Tillamook Bay Cockle Chowder

| May 9, 2011 | 5 Comments

Cockling and clamming at low tide on Tillamook Bay at Garibaldi.

One of the joys of living in Oregon if you’re a foodie and enjoy the beach is to dig for clams or cockles in the many bays that line our coastline. It’s where our numerous rivers slowly gather in shallow and wide estuaries that ebb and flow with sealife with the tides before relinquishing their freshwater to the claim of the ocean. If you want to gather cockles or dig for clams, you have to pay attention to the tides. The sun may rule the Earth, but it’s the moon that rules the ocean and her tides. When there’s a minus tide, many sandy clam and cockle beds are exposed, and clam and cockle lovers throng to their favorite spots.

One of my favorite spots for gathering cockles is Tillamook Bay at the town of Garibaldi. The crabbing pier at 12th Street has concrete stairs leading down to the bay, and the cockle beds are a mere 10 yards from shore.

Hunting for cockles is as easy as slowly running your rake through the smooth sand until…ping… you hit something that feels like a rock. You pull it up through the water to wash away the sand, and voilà, there’s a cockle caught in your rake. What could be easier? Roaming through the shallow eelgrass beds, I occasionally step on what I thought was a pebble but upon reaching down and feeling it, discover instead that I had stepped right on a cockle. No worries, these guys are very tough. Into my nylon drawstring mesh bag it goes. Raking through the sand, I sometimes hit an open cockle, which shuts on one of the rake’s tines. I have to wrestle it loose from its vice-like grip on the steel spike.

Before long, I’ve got my limit of 20 cockles. For chowder or pan-frying, I will toss back smaller, half-dollar-sized cockles and keep only those that are at least silver-dollar size. When digging for clams or cockles, I always bring a 5-gallon bucket to fill with seawater so that I can keep the clams and cockles alive until I get home. At home, I’ll dump a cup or two of fine cornmeal into the buckets so that the cockles will suck in the cornmeal and purge the sand from their shells. It’s best to let the cockles purge overnight or else you’ll end up with cockles that may still have grit and sand in them.

My favorite way of preparing cockles is to use them in chowder or to simply shuck them, clean them, dredge them in a mixture of cornmeal, seasonings and flour, and pan fry them. Click here for a link to my recipe on pan-fried cockles.

Cockle chowder, delicious and easy to make.

Chowder is easy to make, and once you’ve tasted it made from fresh cockles or clams, you’ll never feel the same about opening a can of chowder again. It will make you want to go buy a shellfish license, look up the tide tables and head to Tillamook Bay with your bucket and garden rake!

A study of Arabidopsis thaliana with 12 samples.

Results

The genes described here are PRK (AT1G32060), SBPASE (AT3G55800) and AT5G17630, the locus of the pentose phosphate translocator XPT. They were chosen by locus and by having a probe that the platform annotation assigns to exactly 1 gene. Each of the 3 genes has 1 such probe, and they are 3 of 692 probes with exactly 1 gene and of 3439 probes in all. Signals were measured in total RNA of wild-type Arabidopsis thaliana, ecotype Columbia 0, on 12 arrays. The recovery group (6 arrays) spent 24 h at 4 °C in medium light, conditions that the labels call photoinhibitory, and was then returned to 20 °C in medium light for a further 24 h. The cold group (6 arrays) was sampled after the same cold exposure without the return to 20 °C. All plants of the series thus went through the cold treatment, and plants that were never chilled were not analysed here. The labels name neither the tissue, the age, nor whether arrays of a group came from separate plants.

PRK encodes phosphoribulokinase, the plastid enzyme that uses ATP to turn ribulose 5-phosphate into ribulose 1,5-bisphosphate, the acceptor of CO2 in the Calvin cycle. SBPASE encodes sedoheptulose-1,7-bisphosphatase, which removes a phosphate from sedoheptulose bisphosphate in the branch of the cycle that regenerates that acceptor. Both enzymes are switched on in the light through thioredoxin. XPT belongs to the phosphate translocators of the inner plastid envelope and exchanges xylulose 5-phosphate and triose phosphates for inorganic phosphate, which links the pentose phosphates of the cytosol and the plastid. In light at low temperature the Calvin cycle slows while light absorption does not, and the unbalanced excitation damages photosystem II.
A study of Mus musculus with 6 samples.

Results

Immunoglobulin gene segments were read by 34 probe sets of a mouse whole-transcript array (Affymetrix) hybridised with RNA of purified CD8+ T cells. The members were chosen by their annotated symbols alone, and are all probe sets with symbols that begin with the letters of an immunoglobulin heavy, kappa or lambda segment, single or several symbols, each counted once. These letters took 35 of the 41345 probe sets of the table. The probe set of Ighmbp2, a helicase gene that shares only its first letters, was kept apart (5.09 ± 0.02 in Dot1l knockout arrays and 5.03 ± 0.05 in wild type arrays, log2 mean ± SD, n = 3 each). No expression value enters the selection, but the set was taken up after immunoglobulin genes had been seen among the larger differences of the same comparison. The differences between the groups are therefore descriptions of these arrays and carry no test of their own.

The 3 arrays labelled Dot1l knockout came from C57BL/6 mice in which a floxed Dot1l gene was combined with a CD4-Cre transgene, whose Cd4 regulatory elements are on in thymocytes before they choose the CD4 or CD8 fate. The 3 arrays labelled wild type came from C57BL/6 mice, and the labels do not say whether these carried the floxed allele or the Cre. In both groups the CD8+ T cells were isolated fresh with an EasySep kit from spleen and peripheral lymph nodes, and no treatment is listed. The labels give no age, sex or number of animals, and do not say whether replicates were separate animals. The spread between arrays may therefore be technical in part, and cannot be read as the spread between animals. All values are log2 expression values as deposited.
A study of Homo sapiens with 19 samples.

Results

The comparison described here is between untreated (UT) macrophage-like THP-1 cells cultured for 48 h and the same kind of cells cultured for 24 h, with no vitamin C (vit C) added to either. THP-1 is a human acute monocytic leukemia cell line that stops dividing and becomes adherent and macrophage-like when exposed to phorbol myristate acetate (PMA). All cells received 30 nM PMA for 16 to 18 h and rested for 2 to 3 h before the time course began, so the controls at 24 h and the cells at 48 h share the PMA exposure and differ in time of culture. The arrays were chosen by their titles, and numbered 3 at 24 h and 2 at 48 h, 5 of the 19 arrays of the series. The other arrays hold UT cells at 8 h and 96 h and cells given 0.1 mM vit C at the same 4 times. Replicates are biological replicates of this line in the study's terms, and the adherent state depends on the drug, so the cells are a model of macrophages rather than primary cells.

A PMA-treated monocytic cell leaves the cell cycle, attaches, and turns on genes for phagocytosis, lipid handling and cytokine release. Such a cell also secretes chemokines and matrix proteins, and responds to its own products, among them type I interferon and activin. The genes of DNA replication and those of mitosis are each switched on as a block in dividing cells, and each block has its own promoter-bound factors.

Tillamook Bay Cockle Chowder

Serves six


  1. 12 to 16 large cockles, purged of sand, shucked, cleaned and chopped into pieces, along with the juice from the cockles. (Watch the video above for instructions on how to clean cockles.)
  2. 2 tablespoons (30 ml.) cooking oil
  3. 4 strips of applewood-smoked bacon, sliced into small pieces
  4. 1 onion, sliced into small chunks
  5. 3 medium-sized Yukon gold potatoes, peeled and cut into small cubes
  6. 2 cups (480 ml.) water
  7. 2 teaspoons (10 ml.) dried thyme
  8. 2 tablespoons (30 ml.) dry sherry
  9. 1½ cups (360 ml.) heavy cream
  10. 1½ cups (360 ml.) milk
  11. Salt and pepper to taste
  12. Chopped chives or parsley for garnish


  • Shuck and clean cockles, cut into pieces, place into a bowl along with the cockle liquid, and refrigerate until ready to use.
  • In a stockpot, heat oil and sauté bacon until they begin to brown.
  • Add onions and stir until onions begin to turn translucent.
  • Add potatoes, water and thyme. Cover and cook for 10 minutes.
  • Open cover and cook another two minutes to let some of the water evaporate.
  • Add cockle liquid, cockles and sherry, stirring until the liquid begins to boil.
  • Add cream and milk, stir over medium heat until the liquid begins to simmer. Add salt and pepper to taste. Do not let the liquid come to a boil. Turn off heat and serve immediately, garnished with chopped chives or parsley.


— Vic


About the Author (Author Profile)

Victor Panichkul is a journalist and writer by training; a cook, wine lover and photographer by passion; and a lover of the outdoors since moving to Oregon more than 10 years ago. He is a native of Bangkok, Thailand.

Comments (5)


    Pauline and I used your recipe as inspiration to cook oysters. Also, we modified the recipe by using skim milk since cholesterol is a concern in the family. But not to be disappointed for we loved the results. Unlike most people I like the big oysters, in fact, the bigger the better. Thanks for good food.

  2. Thank you for the great video tutorial on cleaning and the recipe! We just got back from clamming in Newport Bay and are excited to try out the chowder! :)

  3. Diane says:

    Great video on cleaning and a super recipe. You’ve turned a midwest transplant into a cockle lover. What a fun and delicious adventure.

  4. Curt says:

    Great video and recipe, but just a couple questions. Won’t the water get too warm if you leave them in there overnight? How long can they live in the bucket?

  5. Victor says:

    As long as you leave the bucket in a cool place they’ll be OK overnight. If you don’t have a cool spot in your house, place ice cubes in a ziploc bag and float them in the bucket to keep the water cold overnight.